There have been roughly 180 deaths of black folx at the hands of police officers in 2016 alone. Many more were brutalized; many more incidents have yet to be reported, I’m sure. To an attentive public, it should seem extraordinary that in 2016 the persistence of violence against people of color as a result of anti-black racism is not only this prevalent. It seems extraordinary that it took so long for so many publics to take notice, to recognize its nearness, and in a certain sense de-distance themselves from the terrible grip such violence has on black communities.
Perhaps what is more shocking is not the extraordinary character of police brutality in the lives of black Americans, and of queer and trans people of color. It is its ordinariness.
Violence in this sense intertwines in the everyday—that is to say, ordinary life. It is as near to us as glasses on our faces. That is, perhaps, the real horror of such violence. A modern nation, built upon the ideological tenets of anti-black racism, has immunized itself from witnessing the systematic killings of its black citizens. There is no color line for that kind of nation because it cannot see color. It can only see bodies.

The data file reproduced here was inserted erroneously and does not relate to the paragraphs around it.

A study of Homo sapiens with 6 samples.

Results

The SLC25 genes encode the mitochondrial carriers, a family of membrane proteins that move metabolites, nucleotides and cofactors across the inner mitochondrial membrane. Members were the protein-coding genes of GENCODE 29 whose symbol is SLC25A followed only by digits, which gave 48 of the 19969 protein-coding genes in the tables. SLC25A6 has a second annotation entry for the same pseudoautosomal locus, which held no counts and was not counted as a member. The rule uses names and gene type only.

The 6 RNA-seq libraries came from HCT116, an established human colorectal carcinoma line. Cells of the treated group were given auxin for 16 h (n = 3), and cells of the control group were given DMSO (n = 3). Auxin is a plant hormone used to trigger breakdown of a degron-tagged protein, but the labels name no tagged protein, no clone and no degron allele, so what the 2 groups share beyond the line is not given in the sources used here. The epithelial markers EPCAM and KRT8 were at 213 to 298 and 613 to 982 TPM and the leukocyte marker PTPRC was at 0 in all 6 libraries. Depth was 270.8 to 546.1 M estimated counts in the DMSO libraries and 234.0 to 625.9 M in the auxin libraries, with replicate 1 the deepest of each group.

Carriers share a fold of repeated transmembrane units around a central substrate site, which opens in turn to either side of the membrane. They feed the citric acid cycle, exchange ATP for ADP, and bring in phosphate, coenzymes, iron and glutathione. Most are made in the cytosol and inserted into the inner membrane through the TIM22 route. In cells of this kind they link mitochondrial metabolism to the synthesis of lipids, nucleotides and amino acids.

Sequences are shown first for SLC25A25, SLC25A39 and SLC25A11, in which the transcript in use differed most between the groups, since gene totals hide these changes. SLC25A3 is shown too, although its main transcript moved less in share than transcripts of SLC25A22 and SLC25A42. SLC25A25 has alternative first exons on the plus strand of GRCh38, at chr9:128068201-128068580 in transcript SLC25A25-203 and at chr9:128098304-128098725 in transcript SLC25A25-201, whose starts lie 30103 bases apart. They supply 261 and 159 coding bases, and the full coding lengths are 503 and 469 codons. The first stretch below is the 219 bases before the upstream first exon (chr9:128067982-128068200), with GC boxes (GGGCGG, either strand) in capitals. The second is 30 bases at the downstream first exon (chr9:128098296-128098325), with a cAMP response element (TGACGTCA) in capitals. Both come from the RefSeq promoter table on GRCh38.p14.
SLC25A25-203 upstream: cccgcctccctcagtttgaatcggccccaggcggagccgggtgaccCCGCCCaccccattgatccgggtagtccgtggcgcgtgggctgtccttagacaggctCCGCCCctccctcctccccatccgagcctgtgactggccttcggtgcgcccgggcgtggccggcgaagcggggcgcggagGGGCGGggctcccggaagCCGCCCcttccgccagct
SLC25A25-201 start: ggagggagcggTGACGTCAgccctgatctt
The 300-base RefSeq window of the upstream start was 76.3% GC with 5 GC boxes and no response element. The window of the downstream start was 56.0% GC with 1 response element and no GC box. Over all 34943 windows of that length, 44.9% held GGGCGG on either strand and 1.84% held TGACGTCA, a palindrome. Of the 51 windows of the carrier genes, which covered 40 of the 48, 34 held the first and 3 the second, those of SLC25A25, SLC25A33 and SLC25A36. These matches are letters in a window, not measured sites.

Fate would see to it that modern life was a bureaucratic organism. Lived experiences are by virtue of birth an administrative process (birth certificates, social security cards, identification and hospital records, citizenship and residency verifications). It is not the state so much as the rote ordinances of the everyday that watch over us and instill in us a strange consciousness of “law” that molds us.
The police, as we know it, grew within this administrative embryo. The need for enforcement, the interweaving of policing with everyday action, became (so it seems) practical for modern social relations. But the underlying racism and sexism that forged founding documents traversed, unimpeded, into our modern cosmos. These tenets sought to arrange this cosmos in decidedly Anglo-American constellations. In the hands of the police officer is guaranteed the awful power ensure such arrangements. To kill on the spot, to brutalize those who would resist, and to instill fear in those who might look on with horror, or to call out its atrocity. How does one rebel against such a fragmented administration of racial hatred disguised as routinized life?